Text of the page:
Somebody Stole My Gal
Decca Ace of Clubs ACL 1102
The Spanish-American pianist Fred Elizalde played an important part as a jazz pioneer in England in the 1920s. As a student at Cambridge he organized a band and after having a certain success with this he decided to become a professional musician. In 1927, he was given an offer to take a jazz band or rather a hot dance orchestra into London’s Savoy Hotel.
I suppose that the budget for this was substantial because he went over to New York to hire some of the members of the California Ramblers. This was a very good idea because even if there were several talented jazz men in England they had much to learn from musicians like bass sax wizard Adrian Rollini, cornet player Chelsea Quealey and Bobby Davis who played alto sax and clarinet. (Later Elizalde sent for more Americans.)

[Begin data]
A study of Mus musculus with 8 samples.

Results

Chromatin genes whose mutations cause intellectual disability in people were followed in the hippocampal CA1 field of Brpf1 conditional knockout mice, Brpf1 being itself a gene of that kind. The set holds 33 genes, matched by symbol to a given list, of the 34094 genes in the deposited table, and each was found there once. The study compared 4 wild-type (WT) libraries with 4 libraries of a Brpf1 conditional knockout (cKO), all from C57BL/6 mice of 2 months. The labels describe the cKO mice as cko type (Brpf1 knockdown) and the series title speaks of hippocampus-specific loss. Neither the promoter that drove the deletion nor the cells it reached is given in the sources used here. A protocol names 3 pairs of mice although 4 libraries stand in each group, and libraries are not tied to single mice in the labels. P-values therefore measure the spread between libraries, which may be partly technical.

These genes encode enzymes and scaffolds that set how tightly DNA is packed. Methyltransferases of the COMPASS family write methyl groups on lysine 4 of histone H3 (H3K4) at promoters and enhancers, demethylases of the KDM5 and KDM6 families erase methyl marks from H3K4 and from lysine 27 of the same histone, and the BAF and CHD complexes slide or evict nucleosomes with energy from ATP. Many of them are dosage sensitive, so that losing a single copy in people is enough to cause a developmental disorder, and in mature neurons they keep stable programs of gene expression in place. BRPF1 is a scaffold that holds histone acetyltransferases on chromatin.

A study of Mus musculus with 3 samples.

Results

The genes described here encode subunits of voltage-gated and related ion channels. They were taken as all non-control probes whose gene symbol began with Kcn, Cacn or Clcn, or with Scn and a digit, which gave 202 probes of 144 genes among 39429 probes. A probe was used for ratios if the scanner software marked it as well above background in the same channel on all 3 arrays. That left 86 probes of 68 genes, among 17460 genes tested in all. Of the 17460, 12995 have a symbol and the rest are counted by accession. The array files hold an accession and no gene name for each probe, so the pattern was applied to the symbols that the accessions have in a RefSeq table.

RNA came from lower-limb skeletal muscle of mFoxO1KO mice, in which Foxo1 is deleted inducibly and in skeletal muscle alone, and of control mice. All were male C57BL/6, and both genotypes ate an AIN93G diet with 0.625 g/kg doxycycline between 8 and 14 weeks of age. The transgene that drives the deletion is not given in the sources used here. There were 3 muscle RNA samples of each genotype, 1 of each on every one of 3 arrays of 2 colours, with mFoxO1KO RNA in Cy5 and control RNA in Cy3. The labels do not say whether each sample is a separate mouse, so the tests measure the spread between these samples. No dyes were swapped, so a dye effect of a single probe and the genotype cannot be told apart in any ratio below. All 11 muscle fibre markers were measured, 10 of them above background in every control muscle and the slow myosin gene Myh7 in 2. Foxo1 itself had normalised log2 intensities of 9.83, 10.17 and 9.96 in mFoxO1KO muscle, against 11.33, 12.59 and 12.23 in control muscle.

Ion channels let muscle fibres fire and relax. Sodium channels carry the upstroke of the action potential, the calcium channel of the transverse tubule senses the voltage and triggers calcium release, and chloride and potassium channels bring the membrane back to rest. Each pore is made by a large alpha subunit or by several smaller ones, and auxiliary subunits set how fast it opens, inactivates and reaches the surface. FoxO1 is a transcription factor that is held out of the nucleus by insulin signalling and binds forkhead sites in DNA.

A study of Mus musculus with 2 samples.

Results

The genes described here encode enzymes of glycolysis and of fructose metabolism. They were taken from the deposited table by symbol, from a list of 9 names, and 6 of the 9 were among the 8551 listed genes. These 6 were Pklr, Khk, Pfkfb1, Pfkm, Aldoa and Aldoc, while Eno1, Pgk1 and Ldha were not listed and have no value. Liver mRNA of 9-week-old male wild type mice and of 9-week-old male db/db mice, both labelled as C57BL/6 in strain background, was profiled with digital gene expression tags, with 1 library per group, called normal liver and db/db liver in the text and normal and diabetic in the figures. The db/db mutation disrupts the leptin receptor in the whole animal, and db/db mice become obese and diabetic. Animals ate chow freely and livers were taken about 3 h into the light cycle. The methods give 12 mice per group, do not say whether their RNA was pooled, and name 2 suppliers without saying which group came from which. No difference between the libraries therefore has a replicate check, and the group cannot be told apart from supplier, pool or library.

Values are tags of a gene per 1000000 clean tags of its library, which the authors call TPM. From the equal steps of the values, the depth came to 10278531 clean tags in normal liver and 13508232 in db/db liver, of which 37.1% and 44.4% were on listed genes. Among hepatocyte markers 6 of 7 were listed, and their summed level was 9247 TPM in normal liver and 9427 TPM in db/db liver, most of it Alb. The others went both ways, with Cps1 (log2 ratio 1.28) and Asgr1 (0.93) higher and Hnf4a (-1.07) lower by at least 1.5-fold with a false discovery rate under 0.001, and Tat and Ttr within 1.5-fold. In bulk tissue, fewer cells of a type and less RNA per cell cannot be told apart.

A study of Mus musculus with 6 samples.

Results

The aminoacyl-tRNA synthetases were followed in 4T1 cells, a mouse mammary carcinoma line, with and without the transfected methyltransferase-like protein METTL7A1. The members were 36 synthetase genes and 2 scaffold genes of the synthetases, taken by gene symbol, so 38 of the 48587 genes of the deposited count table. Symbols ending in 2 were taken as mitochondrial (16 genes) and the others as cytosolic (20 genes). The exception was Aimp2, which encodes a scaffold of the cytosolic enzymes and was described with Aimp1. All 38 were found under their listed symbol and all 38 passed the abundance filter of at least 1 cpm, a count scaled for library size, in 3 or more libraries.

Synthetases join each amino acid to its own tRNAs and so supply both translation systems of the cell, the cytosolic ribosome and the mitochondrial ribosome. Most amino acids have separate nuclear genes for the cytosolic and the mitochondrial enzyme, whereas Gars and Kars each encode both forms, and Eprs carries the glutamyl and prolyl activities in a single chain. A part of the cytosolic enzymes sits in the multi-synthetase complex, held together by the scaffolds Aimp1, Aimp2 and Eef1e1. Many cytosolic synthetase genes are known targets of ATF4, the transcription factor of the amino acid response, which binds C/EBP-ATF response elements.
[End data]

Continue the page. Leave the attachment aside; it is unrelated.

We can hear that the central role that was given to those musicians did them good. They seem very well at ease and appear in the context as more brilliant than ever. What strikes me on this performance with six men is their control over the dynamics when they as an effect make sudden changes in volume. You don’t hear that very often on recordings at the time. In the last chorus the Americans play some well executed breaks and the one by Rollini by far takes the prize. What a sound and what an energy, and he even in his playful mood has the time to finish the tune with a few bars of his hot fountain pen!
He plays the same instrument in the first chorus, and you also hear him in a passage playing goofus behind Bobby Davis’ alto solo. The recording was made in 1928.